It is very human to speak before we think. Thousands of years ago the writer of Ecclesiastes wrote, “Do not be quick with your mouth, do not be hasty in your heart to utter anything before God. God is in heaven and you are on earth, so let your words be few.” (Ecclesiastes 5:2)
One of the reasons I don’t like to use Twitter is because I have an unusual sense of humor. I am afraid I will tweet something that sounds really funny, with disastrous consequences.
People often speak of “filters” when it comes to speech. Filters are the thought processes we go through as we decide what we should or should not share. Long before this use of the word “filters” became popular, people in my family talked about those who had “diarrhea of the mouth.”
Yikes! Should I have said that? Well, hopefully, you get the idea.
Today I was working my way through some Facebook posts and found a couple of complaints from people who felt they had been wronged by others. Both posts provided just enough detail to evoke sympathy from friends, but not quite enough to reveal the whole situation.
This morning’s news was filled with commentary on thoughtless statements from public figures. Some of the statements were recent and some were old. It doesn’t matter. Once our words are recorded in a sound bite or social media platform they begin to define us, especially if we have celebrity status.
As a public speaker, I feel sorry for those who misspeak. People truly do not mean everything they say. But whether we mean what we say or not, if our words are hurtful toward others or misrepresent the truth in some way, they can still cause great damage.
Maybe this is why the Bible is full of passages commanding us to guard our tongues, as well as our hearts where evil thoughts and words are born. There isn’t room here to list every passage, but I will share some biblical points on the subject:
Unfiltered words can be dangerous. James said the tongue is like a wild animal or a fire. When we don’t control it, it has the power to destroy. James writes, “No man can tame the tongue. It is a restless evil, full of deadly poison” (James 2:8).
Unfiltered words can be eternally fatal. Jesus once said anyone who calls his brother a “fool” (a worthless person), is in danger of “the fire of hell.” (Matthew 5:23). That’s right. Assassinating someone’s identity is as serious as physical murder. Some might see this as an exaggeration, intended to grab our attention. Maybe so, but I wouldn’t be too sure.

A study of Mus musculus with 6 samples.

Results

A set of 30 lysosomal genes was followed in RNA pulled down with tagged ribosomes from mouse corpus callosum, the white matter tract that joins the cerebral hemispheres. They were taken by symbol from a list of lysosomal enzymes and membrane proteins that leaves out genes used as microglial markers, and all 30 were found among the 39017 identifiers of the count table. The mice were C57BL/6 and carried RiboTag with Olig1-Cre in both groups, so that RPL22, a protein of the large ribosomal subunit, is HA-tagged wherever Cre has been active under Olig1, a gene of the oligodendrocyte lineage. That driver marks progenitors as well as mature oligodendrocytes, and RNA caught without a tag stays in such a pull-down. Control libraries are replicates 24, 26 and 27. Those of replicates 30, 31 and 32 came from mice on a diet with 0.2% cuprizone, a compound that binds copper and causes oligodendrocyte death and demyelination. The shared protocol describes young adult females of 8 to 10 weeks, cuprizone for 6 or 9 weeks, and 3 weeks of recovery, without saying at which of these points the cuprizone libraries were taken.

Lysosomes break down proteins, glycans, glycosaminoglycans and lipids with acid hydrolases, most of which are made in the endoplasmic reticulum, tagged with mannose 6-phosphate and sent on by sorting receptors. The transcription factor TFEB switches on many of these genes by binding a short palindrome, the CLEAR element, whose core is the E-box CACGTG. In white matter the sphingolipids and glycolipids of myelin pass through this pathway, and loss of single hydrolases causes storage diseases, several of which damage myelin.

Unfiltered words can indicate a deeper problem. Once, Judas criticized a woman by the name of Mary for anointing Jesus with expensive perfume. He thought the perfume should have been sold and the money given to the poor. But John tells us Judas’ complaint had nothing to do with the poor. He was a thief, and he was overwhelmed with jealousy when he thought of how he might have spent the money on himself (John 12:6). While our unfiltered words might gain a little sympathy from others, most people see through us and realize we are trying to feed a dangerous creature within.
Unfiltered words can cost us our credibility. Followers of Jesus are always on stage. We may not think this is fair, but it goes with the territory. When we put on Jesus, we agree to represent or “profess” Him in our lives. This is why the Apostle Paul reminded us to let our conversation be “full of grace” and “seasoned with salt” (Colossians 4:6). We might get a few sympathetic comments from others when we vent publicly, but at the same time we undermine our witness and reinforce non-believers’ resistance to the Lord.
Unfiltered words can send a soul to hell. I saved this one for last because it is pretty strong. This isn’t a reference to Jesus’ warning against calling a brother a “fool”. I am thinking our words can send someone else to hell. I am not saying people aren’t ultimately responsible for their own souls. On the other hand, we must never forget the weight of our words, realizing they have the power to turn someone away from the Lord. This is why Paul told us to let our conversation be “full of grace.” He was concerned about how believers are perceived by non-believers, or “outsiders” (Colossians 4:5).
Are words really this big of a deal?
It is possible I have painted too bleak a picture. But words have one distinction I can’t get around: once I use them, I can’t take them back.
And that’s a deal no one has the power to break.